Understanding Section 80G: Tax Deductions for Donations towards social causes
Friday 19 February 2016
Have you ever donated funds for charity or social purposes? Or, have you made contributions towards any National Relief Fund? If your answer is yes, then you could utilize these donations to gain Income Tax benefits. The Income Tax Act, 1961 encourages charitable deeds and thus under Section 80G, it offers donation tax benefits to the donors.
Section 80G of the Income Tax Act
Section 80G offers tax deductions for donations made to certain charitable funds and institutions. Below we have provided details of this section:
Under Section 80-G of Income Tax Act, you are eligible for income tax deductions only for the amount which has been donated. Deductions can be claimed while filing the ITR (Income Tax Return). Tax deductions can be claimed by any tax payer irrespective of their source of income. This section is applicable to all assesses — whether a resident Indian or an NRI, HUF or a company — who make eligible donations.
The tax deduction limit under Section 80G of ITA is either 50% or 100%. It entirely depends on the charitable institution to which the amount is donated.
Charitable organizations with 100% deduction without any qualifying limit:
- Prime Minister’s National Relief Fund
- National Defence Fund
- Prime Minister’s Armenia Earthquake Relief Fund
- The Africa (Public Contribution — India) Fund
- The National Foundation for Communal Harmony
- Approved university or educational institution of national eminence
- The Chief Minister’s Earthquake Relief Fund, Maharashtra
- Donations made to Zila Saksharta Samitis.
- The National Blood Transfusion Council or a State Blood Transfusion Council.
- The Army Central Welfare Fund or the Indian Naval Benevolent Fund or The Air Force Central Welfare Fund.
- Army Central Welfare Fund, Indian Naval Ben. Fund, Air Force Central Welfare Fund.
- National Illness Assistance Fund
- Chief Minister’s or Lt. Governor’s Relief Fund
- National Sports Fund
- National Cultural Fund
- Govt. / local authority/ institution/ association towards promoting family planning
- Central Govt.’s Fund for Technology Development & Application
- National Trust for Welfare of Persons with Autism, Cerebral Palsy, Mental Retardation & Multiple Disabilities
- Indian Olympic Association/ other such notified association
- Andhra Pradesh Chief Minister’s Cyclone Relied Fund
Charitable organizations with 50% deduction without any qualifying limit
- Jawaharlal Nehru Memorial Fund
- Prime Minister’s Drought Relief Fund
- National Children’s Fund
- Indira Gandhi Memorial Trust
- The Rajiv Gandhi Foundation
- Donations to govt./ local authority for charitable purposes (excluding family planning)
- Authority/ corporation having income exempt under erstwhile section or u/s 10(26BB)
- Donations for repair/ renovation of notified places of worship
- World Vision India
For certain donations, the aggregate deduction limits to 10 per cent of the ‘Adjusted Gross Total Income’. Thus, in such cases, even if you are donating funds eligible for deduction, it would be capped at 10 per cent of the Adjusted Gross Total Income — Gross total income minus long-term capital gain along with short term capital gain and all deduction under Section 80CCC to 80U except any deduction in this section.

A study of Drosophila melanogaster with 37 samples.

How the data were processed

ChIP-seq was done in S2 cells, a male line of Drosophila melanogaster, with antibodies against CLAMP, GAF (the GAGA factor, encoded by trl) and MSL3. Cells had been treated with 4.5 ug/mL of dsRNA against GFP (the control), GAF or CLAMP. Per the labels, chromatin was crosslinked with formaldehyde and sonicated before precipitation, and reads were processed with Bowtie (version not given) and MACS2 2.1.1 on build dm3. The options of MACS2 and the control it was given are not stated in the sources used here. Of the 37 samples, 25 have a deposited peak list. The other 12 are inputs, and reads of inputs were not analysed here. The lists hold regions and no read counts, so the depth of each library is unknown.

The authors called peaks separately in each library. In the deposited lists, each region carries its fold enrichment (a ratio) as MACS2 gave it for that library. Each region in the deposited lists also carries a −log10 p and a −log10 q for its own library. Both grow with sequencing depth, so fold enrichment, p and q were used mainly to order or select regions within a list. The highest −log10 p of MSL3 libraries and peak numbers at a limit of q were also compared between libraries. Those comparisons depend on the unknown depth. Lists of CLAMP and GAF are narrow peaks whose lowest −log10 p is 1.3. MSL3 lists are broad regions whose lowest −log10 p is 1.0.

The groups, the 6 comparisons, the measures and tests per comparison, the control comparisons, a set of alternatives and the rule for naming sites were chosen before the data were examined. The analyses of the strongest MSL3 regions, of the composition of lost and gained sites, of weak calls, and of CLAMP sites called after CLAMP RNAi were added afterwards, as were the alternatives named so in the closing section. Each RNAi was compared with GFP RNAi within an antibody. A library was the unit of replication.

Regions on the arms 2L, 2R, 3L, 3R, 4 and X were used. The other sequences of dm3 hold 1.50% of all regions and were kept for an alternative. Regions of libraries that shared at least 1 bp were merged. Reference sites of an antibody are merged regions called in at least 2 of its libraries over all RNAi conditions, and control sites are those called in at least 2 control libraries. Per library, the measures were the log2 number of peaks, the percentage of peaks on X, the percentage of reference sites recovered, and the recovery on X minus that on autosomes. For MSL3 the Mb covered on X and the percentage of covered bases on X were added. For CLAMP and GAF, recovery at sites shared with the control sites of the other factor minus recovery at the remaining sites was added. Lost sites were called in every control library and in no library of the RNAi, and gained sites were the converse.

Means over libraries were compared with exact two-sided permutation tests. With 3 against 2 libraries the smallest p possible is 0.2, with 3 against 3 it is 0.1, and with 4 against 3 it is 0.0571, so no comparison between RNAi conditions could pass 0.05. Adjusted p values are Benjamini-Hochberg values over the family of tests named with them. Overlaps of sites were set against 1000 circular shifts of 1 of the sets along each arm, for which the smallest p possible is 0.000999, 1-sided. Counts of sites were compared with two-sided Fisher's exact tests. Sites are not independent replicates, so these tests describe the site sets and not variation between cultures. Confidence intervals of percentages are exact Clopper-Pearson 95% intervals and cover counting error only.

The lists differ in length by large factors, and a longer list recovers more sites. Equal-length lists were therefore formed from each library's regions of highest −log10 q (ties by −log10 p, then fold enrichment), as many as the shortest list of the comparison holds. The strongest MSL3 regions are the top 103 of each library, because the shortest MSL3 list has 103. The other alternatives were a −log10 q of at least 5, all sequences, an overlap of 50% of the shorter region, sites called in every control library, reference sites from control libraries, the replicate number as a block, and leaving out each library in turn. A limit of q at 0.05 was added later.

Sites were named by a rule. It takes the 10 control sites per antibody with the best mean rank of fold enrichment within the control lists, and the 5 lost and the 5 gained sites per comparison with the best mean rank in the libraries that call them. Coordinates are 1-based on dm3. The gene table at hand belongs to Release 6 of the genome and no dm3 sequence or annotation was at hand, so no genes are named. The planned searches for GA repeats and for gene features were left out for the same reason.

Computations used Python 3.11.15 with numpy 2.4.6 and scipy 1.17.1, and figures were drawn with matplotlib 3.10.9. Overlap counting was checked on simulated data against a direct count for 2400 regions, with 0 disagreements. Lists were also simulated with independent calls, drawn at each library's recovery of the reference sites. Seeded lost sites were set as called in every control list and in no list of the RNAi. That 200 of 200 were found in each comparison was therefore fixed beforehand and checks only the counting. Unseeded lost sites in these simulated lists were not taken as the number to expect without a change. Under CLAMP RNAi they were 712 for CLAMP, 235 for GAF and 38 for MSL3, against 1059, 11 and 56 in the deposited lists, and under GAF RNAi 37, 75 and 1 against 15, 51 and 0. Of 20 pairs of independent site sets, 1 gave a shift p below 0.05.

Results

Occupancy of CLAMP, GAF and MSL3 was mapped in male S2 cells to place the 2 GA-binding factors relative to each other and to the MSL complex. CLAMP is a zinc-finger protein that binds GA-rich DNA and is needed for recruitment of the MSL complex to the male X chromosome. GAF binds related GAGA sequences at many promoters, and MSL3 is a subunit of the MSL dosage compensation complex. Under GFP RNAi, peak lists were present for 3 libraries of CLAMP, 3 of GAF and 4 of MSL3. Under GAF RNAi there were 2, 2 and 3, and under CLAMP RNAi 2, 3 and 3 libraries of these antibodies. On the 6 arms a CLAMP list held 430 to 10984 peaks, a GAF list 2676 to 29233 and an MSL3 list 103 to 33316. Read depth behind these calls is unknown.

Donations to the following are subjected to 10% of Adjusted Gross Total Income:
For 100% Deduction
- Govt. or local authority for promoting family health planning
- Sums paid to Indian Olympic Association
For 50% Deduction
- Govt. or local authority for any charitable purposes other than family health planning.
Sub-sections of Section 80G, ITA
One should not end up claiming tax deductions referring just to Section 80G. There are some sub-sections as well:
Section 80GGA — 100% tax deduction is application for any donation made to entities in scientific research and rural development under this section.
Section 80GGC — This section allows for 100% tax deduction for donations made towards a political party registered under Section 29A, Representation of the People Act, 1951or an electoral trust.
Documents required for claiming Tax deductions
Proper documentation is a must for gaining tax advantages with charity. Here’s a list of documents needed to claim deductions in Income Tax.
- Stamped Receipt -A receipt with the name, address and PAN of the trust, the name of the donor and the amount donated is mandatory for claiming the donation rebate in income tax. In case of eligibility for 100% deduction Form-58 should also be attached.
- Registration Number of the Trust –The receipt should also have the valid registration number of the trust with the dates of validity mentioned.
- Photocopy of 80-G Certificate — Also ensure to attach the photocopy of 80-G certificate in addition to receipt.
While true charity has no space for any thought of compensation; what goes around does come around in this world of Karma.
The GOI on its part allows tax deductions to encourage more people to make donations to worthy causes. Therefore, all the kindness in form of charitable acts and donations return to the donators in the form of income tax benefits.
Thus, as a smart move, the taxpayers may educate themselves on how to get exempted from Income Tax under Section 80G and at the same time they can support an NGO by being useful to others with charity.
Originally published at www.savethechildren.in.